By Contributing Editor, Kathy Xu
Based in Columbia, Missouri, Bluebird Network has over 6,000 fiber route miles of high-speed broadband and fiber-optic connections, and 135 Points of Presence (PoP) sites spanning the Midwest, including Chicago, St. Louis, Kansas City, Springfield, Tulsa, Omaha, Des Moines, and Memphis. The company also has an underground data center, Bluebird Underground, located in a subterranean mine in Springfield.
Data Center POST recently interviewed Bluebird Network’s Director of Carrier Sales, James Taylor. James is a 28-year telecommunications industry veteran with experience in sales, operations and business development. Prior to joining Bluebird, he worked with the Lincoln Telephone Company, Aliant Communications, Alltel and Windstream.
James talked about Bluebird Network’s upcoming attendance at International Telecoms Week (ITW) 2018, taking place May 6-9 in Chicago, the expansion of 4G into rural America, and the adoption of small cell technology in both urban and suburban markets.
Data Center POST, Kathy Xu (DCP-KX) Question: What network challenges does the industry face as we head to the middle of 2018 and beyond?
Bluebird Network, James Taylor (BLUEBIRD-JT) Answer: Extending fiber connectivity to all businesses and consumers for high-speed internet access is critical. With the expanding need for additional bandwidth from devices and applications, the current level of pricing in the industry is discouraging capital investment into underserved areas.
DCP-KX Q: What technologies do you see changing and shaping the industry and how?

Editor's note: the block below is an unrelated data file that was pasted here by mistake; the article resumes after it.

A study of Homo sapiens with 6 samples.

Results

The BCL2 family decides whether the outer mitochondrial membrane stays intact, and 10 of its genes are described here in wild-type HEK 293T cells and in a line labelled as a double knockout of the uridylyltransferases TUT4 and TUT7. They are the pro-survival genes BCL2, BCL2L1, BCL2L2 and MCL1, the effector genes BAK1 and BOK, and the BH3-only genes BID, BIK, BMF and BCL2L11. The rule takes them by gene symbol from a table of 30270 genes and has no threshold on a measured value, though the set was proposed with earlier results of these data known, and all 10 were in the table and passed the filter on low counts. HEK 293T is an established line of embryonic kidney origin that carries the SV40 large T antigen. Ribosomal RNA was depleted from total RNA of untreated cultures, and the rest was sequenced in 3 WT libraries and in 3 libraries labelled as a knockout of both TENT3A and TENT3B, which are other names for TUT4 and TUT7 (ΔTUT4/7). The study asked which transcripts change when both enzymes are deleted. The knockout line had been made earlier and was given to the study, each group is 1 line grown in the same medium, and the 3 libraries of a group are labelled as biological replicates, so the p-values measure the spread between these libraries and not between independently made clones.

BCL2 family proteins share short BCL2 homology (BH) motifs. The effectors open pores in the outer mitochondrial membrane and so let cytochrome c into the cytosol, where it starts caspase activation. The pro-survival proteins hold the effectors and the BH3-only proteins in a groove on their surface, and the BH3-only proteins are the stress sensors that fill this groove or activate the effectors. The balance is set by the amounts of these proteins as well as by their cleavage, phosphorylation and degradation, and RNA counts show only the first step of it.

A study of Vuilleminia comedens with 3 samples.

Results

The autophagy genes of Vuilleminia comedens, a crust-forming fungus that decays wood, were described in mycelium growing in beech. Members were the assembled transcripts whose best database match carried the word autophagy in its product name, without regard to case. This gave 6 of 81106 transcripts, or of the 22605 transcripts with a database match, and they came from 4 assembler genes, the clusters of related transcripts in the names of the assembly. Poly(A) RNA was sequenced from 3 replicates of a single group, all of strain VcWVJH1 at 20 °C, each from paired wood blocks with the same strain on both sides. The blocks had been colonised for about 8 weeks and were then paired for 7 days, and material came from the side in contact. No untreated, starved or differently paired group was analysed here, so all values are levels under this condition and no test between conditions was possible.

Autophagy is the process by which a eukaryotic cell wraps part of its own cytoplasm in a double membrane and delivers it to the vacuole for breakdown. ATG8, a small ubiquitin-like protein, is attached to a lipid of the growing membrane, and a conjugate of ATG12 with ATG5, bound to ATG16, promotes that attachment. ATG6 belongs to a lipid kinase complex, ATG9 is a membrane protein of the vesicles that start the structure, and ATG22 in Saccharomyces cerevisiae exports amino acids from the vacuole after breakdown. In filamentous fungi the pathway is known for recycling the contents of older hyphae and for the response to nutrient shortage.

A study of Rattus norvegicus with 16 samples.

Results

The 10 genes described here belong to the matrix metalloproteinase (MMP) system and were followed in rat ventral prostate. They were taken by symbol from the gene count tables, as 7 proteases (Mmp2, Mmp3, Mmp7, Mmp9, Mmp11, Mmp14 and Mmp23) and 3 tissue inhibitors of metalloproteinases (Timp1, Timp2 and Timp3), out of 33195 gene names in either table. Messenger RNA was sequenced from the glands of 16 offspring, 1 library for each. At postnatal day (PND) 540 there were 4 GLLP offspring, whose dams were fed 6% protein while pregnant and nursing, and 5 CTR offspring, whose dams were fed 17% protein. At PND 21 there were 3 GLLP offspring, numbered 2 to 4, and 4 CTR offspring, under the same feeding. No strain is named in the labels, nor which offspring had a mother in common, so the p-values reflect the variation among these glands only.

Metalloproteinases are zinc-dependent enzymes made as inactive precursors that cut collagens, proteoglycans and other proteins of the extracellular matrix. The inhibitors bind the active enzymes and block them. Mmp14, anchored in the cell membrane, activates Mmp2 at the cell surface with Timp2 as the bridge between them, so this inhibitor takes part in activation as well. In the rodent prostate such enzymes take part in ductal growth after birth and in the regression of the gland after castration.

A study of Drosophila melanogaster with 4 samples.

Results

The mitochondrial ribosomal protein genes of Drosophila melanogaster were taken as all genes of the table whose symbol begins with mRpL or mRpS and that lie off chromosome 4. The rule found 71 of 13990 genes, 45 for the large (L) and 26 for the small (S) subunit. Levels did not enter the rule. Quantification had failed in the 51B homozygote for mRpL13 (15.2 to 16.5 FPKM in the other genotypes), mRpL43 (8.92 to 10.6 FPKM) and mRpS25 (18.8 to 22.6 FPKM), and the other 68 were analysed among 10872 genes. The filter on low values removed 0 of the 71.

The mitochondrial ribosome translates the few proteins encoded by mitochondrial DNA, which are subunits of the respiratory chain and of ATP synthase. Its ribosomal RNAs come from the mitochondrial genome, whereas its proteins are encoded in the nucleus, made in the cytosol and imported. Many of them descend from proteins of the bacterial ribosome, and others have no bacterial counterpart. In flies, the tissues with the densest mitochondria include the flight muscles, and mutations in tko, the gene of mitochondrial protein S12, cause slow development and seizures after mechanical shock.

BLUEBIRD-JT A: It will be interesting to see how SD-WAN is adopted by business users. It can be a lower-cost and highly flexible network solution for many companies, but it still relies upon each location having ready access to commercial internet at an acceptable speed.
It will also be interesting to see if wireless internet can evolve from a fixed, point-to-point, line of sight service in rural settings to a more robust 4G LTE service. There are ever-increasing applications such as in agriculture that will require broadband services in rural and suburban areas, which will necessitate expansion into regions where the population is not as dense. Today, it is a function of investment in a tower, and return on that investment by the potential users of the service.
DCP-KX Q: What broad trends do you see in telecoms in the next 12 months?
BLUEBIRD-JT A: Small cell tower applications will be pushed out into the large metropolitan markets and present some challenges within certain areas. Cities and suburban residents have protested the distribution of “little buzzing boxes” in their neighborhoods and have opposed additional tower sites to penetrate new areas. Small cells are designed to blend with the existing surroundings, taking space on existing light poles, buildings, or other structures.
DCP-KX Q: What are new developments and initiatives that are exciting for your company in 2018?
BLUEBIRD-JT A: Our Bluebird Underground Data Center, located in Springfield, Missouri, will be expanding in late 2018. The expansion will add 4,700 square-feet of white space, bringing our facility to 22,300 square-feet of white space. In addition to the new space offering, the expansion will add a third 2MW generator, a second UPS, and 10,000 more gallons of fuel storage.
DCP-KX Q: Why is ITW such an important industry event for you and your company?
BLUEBIRD-JT A: ITW is a great venue for bringing all players in the industry to a single location to expand business opportunities on an international basis. It has grown to be more than just an international show, as U.S. participation has increased in recent years. The greater exposure we have for our company increases the number of potential opportunities for growth.
DCP-KX Q: Thank you for your time today, and we wish you the best of luck at ITW!